On Tuesday 29 October 2002 09:23, John Culleton wrote:
> On Tuesday 29 October 2002 01:50 am, [EMAIL PROTECTED] wrote:
> > I want to use Gimp for work on photo files(.tiff) and I have a
> > question what about CMYK mode in Gimp ? How  can I make me sure
> > that my photo will be good when it will be printed in magazine ? I
> > want to give my work to a profesional print office and they say :
> > You must work in CMYK mode( like in Photoshop) or have a CMYK
> > preview. How can it be done in Gimp ? Please, help me
> > APU
> >
> >
> >--
> You can't, and this is the major shortcoming of Gimp. It is possible
> to convert to CMYK at the end of the process, but given the
> difference in gamut between the RGB and CMYK versions of the same
> image the quality of the result can be best described as uncertain.
> In an earlier post I discussed the program pnmtotiffcmyk which will
> indeed create a cmyk version of the file. However the colors do
> shift. This is especially problematic in photos of people involving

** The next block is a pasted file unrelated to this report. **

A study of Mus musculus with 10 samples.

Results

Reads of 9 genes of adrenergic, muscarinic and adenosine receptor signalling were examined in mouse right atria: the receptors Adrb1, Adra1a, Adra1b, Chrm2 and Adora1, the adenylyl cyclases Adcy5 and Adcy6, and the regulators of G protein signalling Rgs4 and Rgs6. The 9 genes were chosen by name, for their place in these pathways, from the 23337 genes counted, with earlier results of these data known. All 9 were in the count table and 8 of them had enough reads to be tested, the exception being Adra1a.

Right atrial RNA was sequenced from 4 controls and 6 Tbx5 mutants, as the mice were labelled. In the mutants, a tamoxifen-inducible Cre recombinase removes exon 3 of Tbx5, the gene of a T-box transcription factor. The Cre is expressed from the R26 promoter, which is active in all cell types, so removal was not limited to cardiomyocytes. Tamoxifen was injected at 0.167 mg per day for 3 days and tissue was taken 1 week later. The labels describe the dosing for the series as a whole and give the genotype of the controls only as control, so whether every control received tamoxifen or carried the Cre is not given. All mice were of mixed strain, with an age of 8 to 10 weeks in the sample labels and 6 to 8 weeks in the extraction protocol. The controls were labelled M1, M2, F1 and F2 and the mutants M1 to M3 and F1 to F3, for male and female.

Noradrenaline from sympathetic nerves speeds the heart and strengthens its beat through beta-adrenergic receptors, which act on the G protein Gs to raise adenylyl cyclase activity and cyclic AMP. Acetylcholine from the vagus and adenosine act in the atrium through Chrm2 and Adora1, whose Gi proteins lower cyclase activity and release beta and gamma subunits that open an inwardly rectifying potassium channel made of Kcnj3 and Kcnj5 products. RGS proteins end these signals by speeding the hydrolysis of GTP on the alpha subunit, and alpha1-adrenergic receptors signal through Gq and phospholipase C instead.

> flesh tones.
> The Gimp manual addresses this issue in chapter 13.
> John Culleton
> Able Indexers and Typesetters, Rowse Reviews, Culleton Editorial
> Services
> http://wexfordpress.com

We might also mention that this the fault of Adobe and not the Gimp 
programmers.  I believe Adobe owns the right to this process and has 
been very reluctant to release any rights to it.  I think the Gimp 
programmers or others have tried and continue to work on ways around 
this limitation as John pointed out here.  Although Gimp doesn't 
provide the simplest process of doing CMYK, it can do it in most 
respects.  Like the old saying though, you kinda have to go around the 
elbow to get to the hand.  :o)

Hopefully a solution to the CMYK seperation problem will be forthcoming 
in a later version of Gimp, because that seems to be it's only weak 
point at the moment for most professional users.